We recently asked members of the shedkm team to give some thoughts in response to ‘what shedkm means to me’. Randal Turner, the practice’s Delivery Lead, gave his spin during an interactive one practice session – focusing on the ethos and approach of the practice, in his eyes.

After gaining crucial experience while running his own practice in Chester for ten years, Randal returned to shedkm as Delivery Lead in 2020, working on the growing portfolio of our contemporary ‘House’ housing schemes across the country. He now continues to evolve shedkm’s designs for delivery by various clients.

my perspective

Having had two tenures at shedkm, I have an unusual perspective on the company. I first joined in 1999 and witnessed the company grow from seven people up to 15 by 2003. When I re-joined in 2020, staff numbers were up in the 50s. So I’ve seen the company as a small practice and as a large one.

I’ve seen shedkm grow from the inside and out. It has changed over the years, which is a good thing. Some external changes have been forced on it. Some have been made with intent. In my opinion controlled change is better than uncontrolled change, but even uncontrolled change can sometimes have positive outcomes.

the name

The name is mysterious – it is slightly enigmatic and is not encumbered with the personal brand of a founder. This is also a good thing. It permits change. It allows us to make and remake what we stand for. For what shedkm stands for. I can see that shedkm has evolved from its roots in the Tea Factory to where we are now. The name affords freedom and opportunity for all who join the team. We are not in the service of one sole visionary, we are a collective that engages in the challenge of creating great architecture.

the ideas

shedkm is collegiate in the sense that it is non-hierarchical when it comes to design – everyone’s ideas are of equal value. shedkm is about testing ideas and challenging the norm – working and re-working new ideas to make a new normal. After all, ‘normal’ once started out as new. We share our ideas with other stakeholders from within and strive to learn from their ideas too.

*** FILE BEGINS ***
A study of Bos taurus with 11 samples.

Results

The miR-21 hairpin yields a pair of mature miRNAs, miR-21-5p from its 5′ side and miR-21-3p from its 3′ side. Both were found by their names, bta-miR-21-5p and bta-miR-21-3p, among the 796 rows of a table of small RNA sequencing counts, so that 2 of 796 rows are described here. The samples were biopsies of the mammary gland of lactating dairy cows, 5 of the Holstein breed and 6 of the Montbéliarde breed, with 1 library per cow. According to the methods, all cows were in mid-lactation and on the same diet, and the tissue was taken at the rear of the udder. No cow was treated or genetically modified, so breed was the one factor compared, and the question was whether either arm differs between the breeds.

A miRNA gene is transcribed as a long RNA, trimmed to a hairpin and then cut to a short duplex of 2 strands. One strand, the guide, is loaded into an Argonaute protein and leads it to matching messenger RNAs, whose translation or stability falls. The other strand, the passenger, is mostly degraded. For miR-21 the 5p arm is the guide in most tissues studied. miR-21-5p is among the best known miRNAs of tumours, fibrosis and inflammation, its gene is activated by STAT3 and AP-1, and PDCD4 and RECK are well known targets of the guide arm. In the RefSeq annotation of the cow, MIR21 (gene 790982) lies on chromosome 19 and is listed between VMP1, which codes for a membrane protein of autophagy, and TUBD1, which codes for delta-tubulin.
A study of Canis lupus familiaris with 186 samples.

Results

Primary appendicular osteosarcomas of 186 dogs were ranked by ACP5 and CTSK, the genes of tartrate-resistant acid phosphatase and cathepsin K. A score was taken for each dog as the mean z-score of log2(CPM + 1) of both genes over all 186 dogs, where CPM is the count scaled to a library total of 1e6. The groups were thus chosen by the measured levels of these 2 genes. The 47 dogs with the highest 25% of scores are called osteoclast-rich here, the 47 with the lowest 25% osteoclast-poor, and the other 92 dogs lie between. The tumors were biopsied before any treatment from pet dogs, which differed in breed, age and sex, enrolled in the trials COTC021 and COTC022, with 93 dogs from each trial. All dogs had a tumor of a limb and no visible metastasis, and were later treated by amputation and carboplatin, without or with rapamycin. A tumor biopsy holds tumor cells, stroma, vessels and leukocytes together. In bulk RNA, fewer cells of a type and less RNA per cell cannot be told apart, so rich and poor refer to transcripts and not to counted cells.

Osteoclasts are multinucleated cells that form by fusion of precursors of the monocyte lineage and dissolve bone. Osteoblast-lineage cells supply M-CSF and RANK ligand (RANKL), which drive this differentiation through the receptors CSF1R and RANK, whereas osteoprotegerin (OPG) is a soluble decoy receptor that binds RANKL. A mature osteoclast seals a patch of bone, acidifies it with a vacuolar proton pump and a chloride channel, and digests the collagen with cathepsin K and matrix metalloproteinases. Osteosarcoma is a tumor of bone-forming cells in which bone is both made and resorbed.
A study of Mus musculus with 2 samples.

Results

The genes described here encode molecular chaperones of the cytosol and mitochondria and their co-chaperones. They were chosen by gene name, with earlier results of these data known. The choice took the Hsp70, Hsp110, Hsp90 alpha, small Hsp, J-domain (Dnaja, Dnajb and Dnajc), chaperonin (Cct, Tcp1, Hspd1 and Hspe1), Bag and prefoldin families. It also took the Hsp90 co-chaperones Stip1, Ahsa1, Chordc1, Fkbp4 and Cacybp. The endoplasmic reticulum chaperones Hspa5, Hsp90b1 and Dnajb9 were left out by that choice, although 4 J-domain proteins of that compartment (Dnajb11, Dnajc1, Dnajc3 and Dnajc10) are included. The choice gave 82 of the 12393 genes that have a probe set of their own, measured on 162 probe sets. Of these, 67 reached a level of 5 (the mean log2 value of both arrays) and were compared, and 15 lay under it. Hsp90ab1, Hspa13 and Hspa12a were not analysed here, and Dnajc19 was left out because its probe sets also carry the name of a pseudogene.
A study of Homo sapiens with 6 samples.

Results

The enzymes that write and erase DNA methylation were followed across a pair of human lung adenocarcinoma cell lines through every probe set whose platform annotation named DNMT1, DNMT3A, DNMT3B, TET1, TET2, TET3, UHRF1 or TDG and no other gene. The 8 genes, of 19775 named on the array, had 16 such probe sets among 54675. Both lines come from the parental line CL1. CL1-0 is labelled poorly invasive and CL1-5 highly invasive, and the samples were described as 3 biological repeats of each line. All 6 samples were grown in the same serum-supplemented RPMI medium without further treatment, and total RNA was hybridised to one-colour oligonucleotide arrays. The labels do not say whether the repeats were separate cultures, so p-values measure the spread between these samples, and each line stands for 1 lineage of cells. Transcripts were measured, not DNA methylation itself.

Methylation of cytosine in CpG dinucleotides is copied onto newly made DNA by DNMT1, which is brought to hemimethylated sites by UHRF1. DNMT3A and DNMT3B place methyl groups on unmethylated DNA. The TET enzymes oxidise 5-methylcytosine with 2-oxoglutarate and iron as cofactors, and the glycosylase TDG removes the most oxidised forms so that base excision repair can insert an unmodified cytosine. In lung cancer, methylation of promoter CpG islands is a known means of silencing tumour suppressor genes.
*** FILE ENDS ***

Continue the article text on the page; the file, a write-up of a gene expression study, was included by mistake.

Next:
the architecture

shedkm architecture is about translating our ideas into built form with clarity and boldness. Our architecture is our USP. It is different from others’ work and should remain so. We are shedkm, but our architecture is our calling card.

In developing our architecture we eschew the complex for the simple, always looking to reduce and refine to fundamental forms. This is not easy – the brief often contains conflicting requirements which require translating and resolving to arrive at the right solution.

We believe that clean tectonic forms, clear layouts and bold execution with splashes of colour and honest use of materials can create great architecture and great places. We are inspired by great modern architecture that has gone before and we aspire to create great modern architecture for the future. I see our work as part of a continuum.

the process

shedkm is about understanding and challenging the client’s brief, engaging with stake-holders and with the wider community to realise the potential of a site and the opportunities of the project. Like others, we talk and we write, but we also communicate through drawings. Whether by hand or by CAD, our drawings speak for us, for our ideas and for our architecture. Our drawings start as diagrams, but evolve and resolve into plans, elevations, sections and details that communicate our ideas in different ways to different people.

We think about how to best put buildings together to create great architecture. We strive to understand materials, fabrication and construction processes. We deliver projects by working collaboratively and constructively with other consultants, contractors and sub-contractors.

the future

We shouldn’t fear change, but ideally change should be on our terms, not be forced on us by others. shedkm designs will continue to evolve in the future, to respond to changing circumstances influenced by societal changes influencing clients’ briefs. Environmental goals will challenge us to reduce energy use and embodied carbon. And a raft of other changes to regulations will need addressing too. But while these factors will inform future designs, they should not dictate the design.

We should never lose sight of what is fundamental. The architecture of shedkm.